Super Bowl LII: An Update on Short-Term Rentals

Nancy Polomis

By Nancy T. Polomis

Super Bowl LII hosted in Minnesota will impact just about every area of our economy, including real estate. In a prior article (see See Volume 3 Number 7 of Real Estate Agent Magazine), I discussed issues surrounding short-term rental of homes to accommodate the influx of members of the media, spectators, team members and staff to the Twin Cities. As kickoff approaches, I wanted to provide both a refresher and an update to the information in that article.

Most cities currently do not prohibit such short-term rentals. However, owners should contact their city staff to verify whether any city ordinance exists to prohibit or restrict such rentals or if any licensure or other documentation is required. At its Oct. 17, 2017, meeting, the Minneapolis City Council adopted an ordinance specifically permitting short-term rentals (rentals for a period of fewer than 30 consecutive days), but imposing licensing requirements for short-term rentals. The city will begin accepting short-term rental registration and license applications Dec. 1, 2017. St. Paul followed suit, and approved its own set of regulations in its Oct. 25, 2017, meeting. Some cities require that owners desiring to engage in short-term rentals adhere to the same requirements for inspection, tenant notifications, fair housing training, etc., as owners who engage in long-term rental of their properties. Although the Minneapolis and St. Paul ordinances regarding short-term rentals do provide lower license fees for short-term rentals, they do not appear to provide exemptions for short-term rentals with regard to other requirements related to rental property.

However, simply because a city may allow short-term rentals does not necessarily mean an owner is “home free.” If the home is part of a homeowner’s association, the owner needs to determine whether his association permits short-term rentals. Associations are entitled to adopt occupancy restrictions more stringent than those allowed under city ordinance.

Every homeowner’s association has a declaration recorded against all property in the association, which outlines various rights, responsibilities and restrictions that apply to the property subject to the declaration.

• Many declarations include language prohibiting use of homes in the association for transient purposes. “Transient” may be defined as less than seven days or even less than 30 days. Many declarations require a minimum lease term of six months or more.

• Some declarations require that rental of a home in the community be rental of the entire unit – not just a room or two.

• Some declarations allow only a certain number of units to be leased at a given time or only under certain circumstances outlined in the declaration.

• Some declarations prohibit leasing entirely.

Associations are concerned about short-term rentals’ impact on security and safety. Some associations are concerned that association grounds and common areas might be damaged by short-term tenants or that short-term tenants may not be vetted as carefully as longer-term tenants may be. While there may be safeguards that an owner can try to put in place to minimize those concerns, those concerns remain.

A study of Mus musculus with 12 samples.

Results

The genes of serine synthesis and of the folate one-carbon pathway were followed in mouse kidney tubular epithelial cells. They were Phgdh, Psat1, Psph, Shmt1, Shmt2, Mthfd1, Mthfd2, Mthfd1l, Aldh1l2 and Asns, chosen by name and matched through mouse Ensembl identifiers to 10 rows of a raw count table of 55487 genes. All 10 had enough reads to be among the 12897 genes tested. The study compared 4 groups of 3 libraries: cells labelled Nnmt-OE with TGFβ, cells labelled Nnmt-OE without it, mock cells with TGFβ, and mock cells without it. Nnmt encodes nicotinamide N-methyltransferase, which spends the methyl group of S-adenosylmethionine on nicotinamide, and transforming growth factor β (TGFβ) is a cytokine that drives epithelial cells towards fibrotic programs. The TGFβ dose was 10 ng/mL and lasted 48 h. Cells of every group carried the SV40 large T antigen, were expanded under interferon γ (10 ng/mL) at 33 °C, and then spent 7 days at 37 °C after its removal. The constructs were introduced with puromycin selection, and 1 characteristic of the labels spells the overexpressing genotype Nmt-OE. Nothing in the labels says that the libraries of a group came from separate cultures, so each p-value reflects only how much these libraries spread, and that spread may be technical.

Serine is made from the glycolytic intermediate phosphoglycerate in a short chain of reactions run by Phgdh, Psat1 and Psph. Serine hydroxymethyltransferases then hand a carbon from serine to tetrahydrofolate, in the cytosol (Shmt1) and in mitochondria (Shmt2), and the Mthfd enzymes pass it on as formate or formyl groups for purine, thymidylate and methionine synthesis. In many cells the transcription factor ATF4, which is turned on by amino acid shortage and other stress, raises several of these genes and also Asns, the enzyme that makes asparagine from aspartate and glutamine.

If an association has restrictions or prohibitions against short-term rentals, an owner who opts to ignore such restrictions and rent his unit anyway would be subject to a fine. Most associations with occupancy restrictions impose significant fines for violations of those restrictions: fines of $1,000 or more are not unheard of. The cost to repair any damage proven to have been done by a short-term tenant (or any tenant, for that matter) is the responsibility of the unit owner. What seemed like a “no-brainer” in the beginning could end up being a costly endeavor for the unit owner.

Of course, some associations have enthusiastically embraced the opportunities short-term rentals may offer their members. Some associations have adopted amendments to their declarations that specifically allow short-term rentals under certain circumstances. In some cases, the allowance of short-term rentals is limited to a period of time that corresponds to Super Bowl LII. Some associations have agreed to allow the association’s board of directors to declare certain periods of time (often related to special events) as periods in which short-term rentals are permitted.

With just a few months before the big event, it’s unlikely (though not impossible) that associations will make significant changes to their existing short-term rental policies aimed at Super Bowl-related occupancy. Of course, that certainly doesn’t mean that once the Lombardi trophy is awarded, the issue is dead. The Twin Cities will continue to host major sporting events, conventions and other significant activities. It’s important for real estate agents to be familiar with the complexities involved in any rental of a home – especially a shortterm rental.

Skol!


Nancy T. Polomis is a partner with the law firm Hellmuth & Johnson. She has an indepth understanding of the real estate market, which enables her to provide direct and proactive counsel to builders, developers, individuals, and entities involved in real estate transactions, as well as to condominium and townhouse associations. Nancy brings considerable insight to all stages of community association development and functioning, including entity formation, the creation and interpretation of covenants and bylaws, and collections. Nancy can be reached at npolomis@hjlawfirm.com or at (952) 746-2105.